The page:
Cabela’s will retain some jobs in Sidney, Nebraska, but it’s still unclear how many will be lost after a letter sent to employees by the chief executive of the retailer’s new owner, Bass Pro Shops.
Bass also will keep open all of Cabela’s retail stores in Nebraska — in Sidney, Kearney and La Vista, according to the letter, which was obtained by The World-Herald.
Bass Pro Chief Executive Johnny Morris sent the 11-page document to employees in Sidney on Thursday. In it, Morris detailed some of the operations that will stay in Sidney as the combined Bass-Cabela’s consolidates its headquarters in Bass’ hometown of Springfield, Missouri.
The letter didn’t say how many jobs would be cut in Sidney, the city of about 6,800 where Cabela’s has employed 2,000 people in recent years. A Bass Pro spokesman wouldn’t comment on potential job cuts when contacted Thursday by The World-Herald. The spokesman said Morris visited Sidney on Wednesday and met with Cabela’s employees.
What will stay? Bass said Thursday in its letter that it will keep Cabela’s information technology division, which employs 125 people. The letter says “significant” accounting operations also will remain in Sidney, although it didn’t say what operations or how many people the division would employ. The distribution center in Sidney also will remain.
The document said the company is continuing to work on evaluating which jobs will stay in Sidney, which ones will stay in Springfield and which ones need to be eliminated.
“One of our biggest priorities is to be as thoughtful to Cabela’s outfitters and the City of Sidney as we possibly can, and go above and beyond what is required to be very fair and supportive,” the document said.
Outside of Sidney, the company’s credit card operation in Lincoln will remain, according to the letter, along with call centers in Grand Island, Kearney, North Platte and Lincoln. The call centers employ approximately 350 people, the document said.
Some employees, however, will lose their jobs, according to the letter. It said that those employees will receive severance and that Bass Pro has allocated an additional $10 million to extend benefits and pay for employees who will be displaced.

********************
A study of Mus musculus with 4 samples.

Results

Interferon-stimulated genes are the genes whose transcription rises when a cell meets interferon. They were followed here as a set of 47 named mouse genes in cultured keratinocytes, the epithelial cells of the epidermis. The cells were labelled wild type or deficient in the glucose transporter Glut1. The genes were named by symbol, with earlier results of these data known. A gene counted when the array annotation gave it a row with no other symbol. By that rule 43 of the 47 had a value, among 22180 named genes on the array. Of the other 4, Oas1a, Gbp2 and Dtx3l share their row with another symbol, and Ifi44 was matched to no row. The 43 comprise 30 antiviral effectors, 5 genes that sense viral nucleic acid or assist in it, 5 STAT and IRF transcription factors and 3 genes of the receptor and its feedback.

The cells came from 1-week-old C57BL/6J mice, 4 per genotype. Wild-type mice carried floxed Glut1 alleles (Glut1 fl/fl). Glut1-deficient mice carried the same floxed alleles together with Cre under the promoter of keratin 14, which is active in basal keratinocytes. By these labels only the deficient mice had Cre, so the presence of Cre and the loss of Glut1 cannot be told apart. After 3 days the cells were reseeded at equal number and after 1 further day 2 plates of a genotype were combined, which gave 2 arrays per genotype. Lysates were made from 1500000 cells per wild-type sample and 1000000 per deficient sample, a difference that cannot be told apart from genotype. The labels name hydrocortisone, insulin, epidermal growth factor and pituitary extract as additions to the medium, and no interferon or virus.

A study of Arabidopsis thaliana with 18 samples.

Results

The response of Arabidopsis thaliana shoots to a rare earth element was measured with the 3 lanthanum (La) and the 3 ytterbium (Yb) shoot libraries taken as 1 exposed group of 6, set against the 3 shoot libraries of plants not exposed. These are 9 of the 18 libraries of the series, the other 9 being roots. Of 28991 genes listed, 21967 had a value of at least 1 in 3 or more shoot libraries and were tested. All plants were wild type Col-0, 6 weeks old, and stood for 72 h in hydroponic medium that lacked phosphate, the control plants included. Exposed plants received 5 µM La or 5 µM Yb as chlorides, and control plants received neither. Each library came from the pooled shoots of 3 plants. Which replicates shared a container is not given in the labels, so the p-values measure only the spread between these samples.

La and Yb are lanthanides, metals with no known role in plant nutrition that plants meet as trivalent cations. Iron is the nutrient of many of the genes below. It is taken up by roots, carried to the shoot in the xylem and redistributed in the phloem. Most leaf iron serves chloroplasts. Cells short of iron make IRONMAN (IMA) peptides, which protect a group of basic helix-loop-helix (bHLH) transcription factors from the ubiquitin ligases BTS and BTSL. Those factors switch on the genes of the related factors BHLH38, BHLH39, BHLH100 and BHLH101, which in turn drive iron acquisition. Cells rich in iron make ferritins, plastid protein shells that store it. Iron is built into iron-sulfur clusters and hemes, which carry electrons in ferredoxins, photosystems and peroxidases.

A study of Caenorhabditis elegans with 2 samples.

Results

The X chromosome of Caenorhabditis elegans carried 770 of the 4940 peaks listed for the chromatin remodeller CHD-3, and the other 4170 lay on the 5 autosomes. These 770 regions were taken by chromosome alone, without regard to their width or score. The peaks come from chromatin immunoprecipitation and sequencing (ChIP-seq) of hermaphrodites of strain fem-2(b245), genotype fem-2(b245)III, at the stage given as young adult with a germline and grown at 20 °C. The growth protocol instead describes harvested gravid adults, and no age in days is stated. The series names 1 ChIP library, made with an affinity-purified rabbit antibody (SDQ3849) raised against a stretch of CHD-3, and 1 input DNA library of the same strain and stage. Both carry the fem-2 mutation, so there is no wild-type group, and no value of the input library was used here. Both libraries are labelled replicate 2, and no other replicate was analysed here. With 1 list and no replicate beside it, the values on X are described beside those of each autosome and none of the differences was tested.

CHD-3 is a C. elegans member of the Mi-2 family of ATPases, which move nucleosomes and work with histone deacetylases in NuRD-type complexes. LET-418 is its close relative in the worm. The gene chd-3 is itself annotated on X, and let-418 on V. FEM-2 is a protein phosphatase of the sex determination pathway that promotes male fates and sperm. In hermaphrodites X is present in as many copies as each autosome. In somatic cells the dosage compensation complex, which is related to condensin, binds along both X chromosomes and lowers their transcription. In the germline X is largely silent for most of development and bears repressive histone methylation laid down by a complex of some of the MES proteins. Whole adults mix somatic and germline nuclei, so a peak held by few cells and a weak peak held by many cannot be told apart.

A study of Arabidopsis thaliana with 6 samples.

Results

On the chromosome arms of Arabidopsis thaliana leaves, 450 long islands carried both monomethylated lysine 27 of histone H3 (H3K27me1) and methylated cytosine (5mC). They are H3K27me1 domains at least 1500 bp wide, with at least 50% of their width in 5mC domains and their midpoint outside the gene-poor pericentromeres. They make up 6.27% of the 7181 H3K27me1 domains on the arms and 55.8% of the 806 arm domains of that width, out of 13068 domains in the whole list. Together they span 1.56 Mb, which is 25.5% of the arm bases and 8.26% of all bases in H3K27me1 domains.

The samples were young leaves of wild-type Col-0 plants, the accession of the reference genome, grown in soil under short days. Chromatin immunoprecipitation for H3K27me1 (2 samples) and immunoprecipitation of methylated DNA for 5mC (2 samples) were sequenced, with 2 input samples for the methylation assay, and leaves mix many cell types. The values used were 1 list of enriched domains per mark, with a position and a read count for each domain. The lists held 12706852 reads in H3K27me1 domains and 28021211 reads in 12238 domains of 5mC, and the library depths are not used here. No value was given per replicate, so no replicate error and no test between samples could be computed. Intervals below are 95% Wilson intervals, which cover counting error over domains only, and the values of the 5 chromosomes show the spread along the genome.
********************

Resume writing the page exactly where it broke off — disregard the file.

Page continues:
The company has hired Career Arc, an outplacement firm, to help employees who might need to relocate and find new work. The company, in the document, said it’s also pondering establishing an early retirement package.
Employees in Sidney will be consolidated into one of the Cabela’s office buildings.
The document said empty buildings on the Cabela’s campus will “effectively be donated” by Bass Pro Shops to the City of Sidney. Bass will lease them for $1 per year to any qualified businesses that may want to open an operation in Sidney, the document said.
The company also detailed what staff will occupy some senior leadership positions in the new combined company. Of the 12 positions listed, three will be employees from Cabela’s who will relocate to Springfield.
Ralph Castner, who had been Cabela’s chief financial officer, will serve as CFO for the combined company in Springfield; Sarah Kaiser, who worked in human resources at Cabela’s, will become senior vice president of human resources for the combined company; and Sheila Dormann, a Cabela’s employee for 17 years, will become vice president of finance for White River Marine Group, one of Bass Pro’s subsidiaries.
Bass Pro completed its $5 billion acquisition of Cabela’s in September.
In the letter Thursday, Morris thanked employees and said he hoped they take pride in their personal contributions to building iconic brands.
Still, the last page of the letter detailed “the realities of a competitive retail market and challenging outdoor/hunting segment.”
Morris said more than 1,000 outdoors-related stores have closed in recent years. He called out Cabela’s specifically, noting that the retailer’s sales had been in decline since 2013 and that its retail business was on track to lose money in 2017.
And research by Mercer, a human resources consultant, highlighted that Cabela’s had more layers of management than similar companies, according to the letter, in part because it was a publicly traded company.
Cabela’s “has been operating under the weight of an extremely heavy corporate payroll that is over two times greater than that of Bass Pro Shops to conduct relatively the same volume of business,” Morris said in the letter.
“It is now time for a new approach and to turn around the strategies that did not work,” Morris said.
He signed the cover letter to the document, “Respectfully and with Great Optimism!”